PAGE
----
Google I/O Conference: Tech Giant Unveils Slick New Social Media Interface, But Will Millennials Care?
Google made some pretty big announcements during its I/O Conference, which included a bevy of new apps, a free trial for its music service Google Play, a Pay-Pal-like service, and slick new look for its social network site, Google +. In fact, the number of improvements announced at I/O add up to 41. While many of these new products are part and parcel of what makes Google products so attractive, the one that will likely be most overlooked will probably be the most important in terms of determining the tech giant's future. Google + is its attempt to subvert the social network giant Facebook by offering a better, or more Google, way to connect with people. The real question is whether the Google + updates make it better than Facebook, and will anyone care?
Reviews are pretty positive. Some say the improvements add depth to the site, while others praise its ability to help find local businesses. While all this adds up to some pretty positive press, the late entry still lags behind Mark Zuckerberg's giant Facebook, which dominates the social media market with over one billion users. New trends indicate that market share might be slipping, as Facebook users (Millennials in particular) are starting to use social networks oriented to a single function, like Twitter's near-constant status updates.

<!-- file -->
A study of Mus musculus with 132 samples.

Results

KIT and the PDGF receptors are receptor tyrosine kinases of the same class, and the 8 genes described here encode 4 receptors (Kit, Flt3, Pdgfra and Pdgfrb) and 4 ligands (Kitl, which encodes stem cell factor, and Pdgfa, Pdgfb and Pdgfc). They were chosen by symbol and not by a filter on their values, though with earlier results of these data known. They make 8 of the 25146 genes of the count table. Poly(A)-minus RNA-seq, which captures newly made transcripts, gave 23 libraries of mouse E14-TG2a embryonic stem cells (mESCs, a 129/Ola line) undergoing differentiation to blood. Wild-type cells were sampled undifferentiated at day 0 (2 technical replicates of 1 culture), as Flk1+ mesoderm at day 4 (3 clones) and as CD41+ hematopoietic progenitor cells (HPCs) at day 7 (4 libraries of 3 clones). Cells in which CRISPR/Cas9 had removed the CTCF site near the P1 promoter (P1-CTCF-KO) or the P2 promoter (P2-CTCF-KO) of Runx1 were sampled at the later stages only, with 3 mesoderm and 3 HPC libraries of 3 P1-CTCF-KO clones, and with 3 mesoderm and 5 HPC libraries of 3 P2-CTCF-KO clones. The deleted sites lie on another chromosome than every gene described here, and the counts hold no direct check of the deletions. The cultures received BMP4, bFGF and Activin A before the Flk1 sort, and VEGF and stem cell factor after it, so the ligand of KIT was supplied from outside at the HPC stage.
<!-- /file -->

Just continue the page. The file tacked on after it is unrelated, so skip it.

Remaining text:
A newcomer to the social networking world will have to provide some pretty serious benefits to entice folks away from a service the numbers say they're pretty happy with. The problem is that while Google + is connected to the very wide variety of Google's services, it doesn't do much to bring people in. It does, however, do plenty to convince current users to stay. That might be its strong point in the end. Google gives people enough reasons to start using its other features and services. It is the biggest search engine in the world, after all. While the new users continue registering Google accounts and begin exploring everything a single user name and password can do, they start finding reasons to switch over. The plan may very well be to reel people in with bait that is not related to social networking, and then use Google + to convince them being caught is not so bad after all. Time will tell is this in fact Google's strategy, and if it will work. Until then, current users have plenty to be happy about.